Specifics still need to be ironed out, but hospitals across Florida are already celebrating the news that a controversial funding model will not be implemented as planned this year.

The so-called "tiering" law would have required counties that use local dollars to draw down more federal money for hospitals to begin sharing that money statewide. Jackson Health System in Miami was bracing for a $140 million hit as a result of the new law. Tampa General Hospital said its loss would have been $43 million. Miami Children’s Hospital and All Children’s Hospital in St. Petersburg estimated they would collectively see funding cut $17.6 million.

The Legislature's two health care budget chiefs -- Rep. Matt Hudson, R-Naples, and Sen. Denise Grimsley, R-Sebring-- agreed this morning that the law should be delayed at least for a year. That gives the state time to complete a study of its existing Medicaid funding mechanisms and come up with recommendations, as required by the federal government.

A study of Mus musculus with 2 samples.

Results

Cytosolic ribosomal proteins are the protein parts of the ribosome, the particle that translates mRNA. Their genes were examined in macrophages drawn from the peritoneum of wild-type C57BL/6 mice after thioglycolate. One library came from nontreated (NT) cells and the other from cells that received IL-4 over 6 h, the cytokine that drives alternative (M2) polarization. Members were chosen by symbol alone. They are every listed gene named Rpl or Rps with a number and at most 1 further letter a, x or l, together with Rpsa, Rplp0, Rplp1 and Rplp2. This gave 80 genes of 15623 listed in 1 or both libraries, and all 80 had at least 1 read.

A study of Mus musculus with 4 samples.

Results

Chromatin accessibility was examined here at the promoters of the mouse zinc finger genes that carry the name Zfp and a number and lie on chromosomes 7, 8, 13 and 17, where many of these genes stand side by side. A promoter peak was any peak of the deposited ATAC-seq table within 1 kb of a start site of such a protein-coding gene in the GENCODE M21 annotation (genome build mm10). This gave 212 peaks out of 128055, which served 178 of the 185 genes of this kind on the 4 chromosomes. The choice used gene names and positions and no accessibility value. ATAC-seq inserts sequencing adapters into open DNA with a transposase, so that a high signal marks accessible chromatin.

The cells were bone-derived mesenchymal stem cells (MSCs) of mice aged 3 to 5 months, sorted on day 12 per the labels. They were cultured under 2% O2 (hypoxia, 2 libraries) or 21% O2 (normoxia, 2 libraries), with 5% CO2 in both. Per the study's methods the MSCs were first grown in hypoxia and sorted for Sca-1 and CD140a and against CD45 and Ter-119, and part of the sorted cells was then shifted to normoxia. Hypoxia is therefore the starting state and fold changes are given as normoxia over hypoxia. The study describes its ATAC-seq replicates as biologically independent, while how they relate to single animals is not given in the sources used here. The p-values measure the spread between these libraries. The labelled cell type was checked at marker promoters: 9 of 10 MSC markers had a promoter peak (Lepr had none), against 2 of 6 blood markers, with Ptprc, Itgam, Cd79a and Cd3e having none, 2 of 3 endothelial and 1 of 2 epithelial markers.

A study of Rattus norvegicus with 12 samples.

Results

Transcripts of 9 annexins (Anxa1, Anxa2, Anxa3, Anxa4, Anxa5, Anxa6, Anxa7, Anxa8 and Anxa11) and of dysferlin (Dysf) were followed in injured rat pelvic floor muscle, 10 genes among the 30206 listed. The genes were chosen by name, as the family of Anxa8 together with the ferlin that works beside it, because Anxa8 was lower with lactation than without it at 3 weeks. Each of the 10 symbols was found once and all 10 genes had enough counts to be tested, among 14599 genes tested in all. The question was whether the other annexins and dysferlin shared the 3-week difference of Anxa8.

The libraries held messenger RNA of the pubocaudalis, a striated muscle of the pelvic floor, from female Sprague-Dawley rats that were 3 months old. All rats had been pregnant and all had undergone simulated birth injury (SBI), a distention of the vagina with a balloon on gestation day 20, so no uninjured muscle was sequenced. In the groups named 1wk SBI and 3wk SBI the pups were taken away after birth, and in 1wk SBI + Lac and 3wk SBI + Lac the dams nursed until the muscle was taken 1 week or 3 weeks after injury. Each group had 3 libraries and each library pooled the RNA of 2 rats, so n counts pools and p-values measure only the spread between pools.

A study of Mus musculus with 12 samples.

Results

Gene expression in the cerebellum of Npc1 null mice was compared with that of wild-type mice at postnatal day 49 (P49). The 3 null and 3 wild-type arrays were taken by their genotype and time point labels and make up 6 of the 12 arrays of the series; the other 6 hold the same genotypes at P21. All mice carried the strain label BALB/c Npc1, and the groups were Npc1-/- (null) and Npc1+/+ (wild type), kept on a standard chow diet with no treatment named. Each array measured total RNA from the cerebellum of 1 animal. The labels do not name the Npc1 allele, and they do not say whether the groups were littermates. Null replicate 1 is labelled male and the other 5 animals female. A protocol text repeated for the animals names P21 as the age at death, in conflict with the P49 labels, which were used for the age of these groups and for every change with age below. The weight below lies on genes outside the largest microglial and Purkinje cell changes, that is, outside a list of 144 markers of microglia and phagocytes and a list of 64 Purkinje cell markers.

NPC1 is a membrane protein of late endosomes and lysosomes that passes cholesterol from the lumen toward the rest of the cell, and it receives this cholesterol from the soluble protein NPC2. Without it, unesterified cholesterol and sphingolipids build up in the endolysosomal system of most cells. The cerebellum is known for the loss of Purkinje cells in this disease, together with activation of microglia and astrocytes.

"We don’t know what happens next year so the best thing to do is maintain the status quo," Grimsley said. "When we come back in session next year, we will then have a better idea of what direction we need to go."

Maintaining the status quo is what hospitals have been asking for; changing the tiering law was at the top of the priority list for those that receive local funding to increase the amount of federal Medicaid dollars they receive. These hospitals worried about having to share the resulting federal dollars with hospitals in counties that don't invest local money.

In recent years, hospital funding has been drastically altered by various changes in state law. Tiering was one blow too many, said Amy Maguire, vice president for government and corporate relations at All Children's.

"We're able to serve so many kids because of our partnership with the (Juvenile Welfare Board) and the local dollars it provides," she said.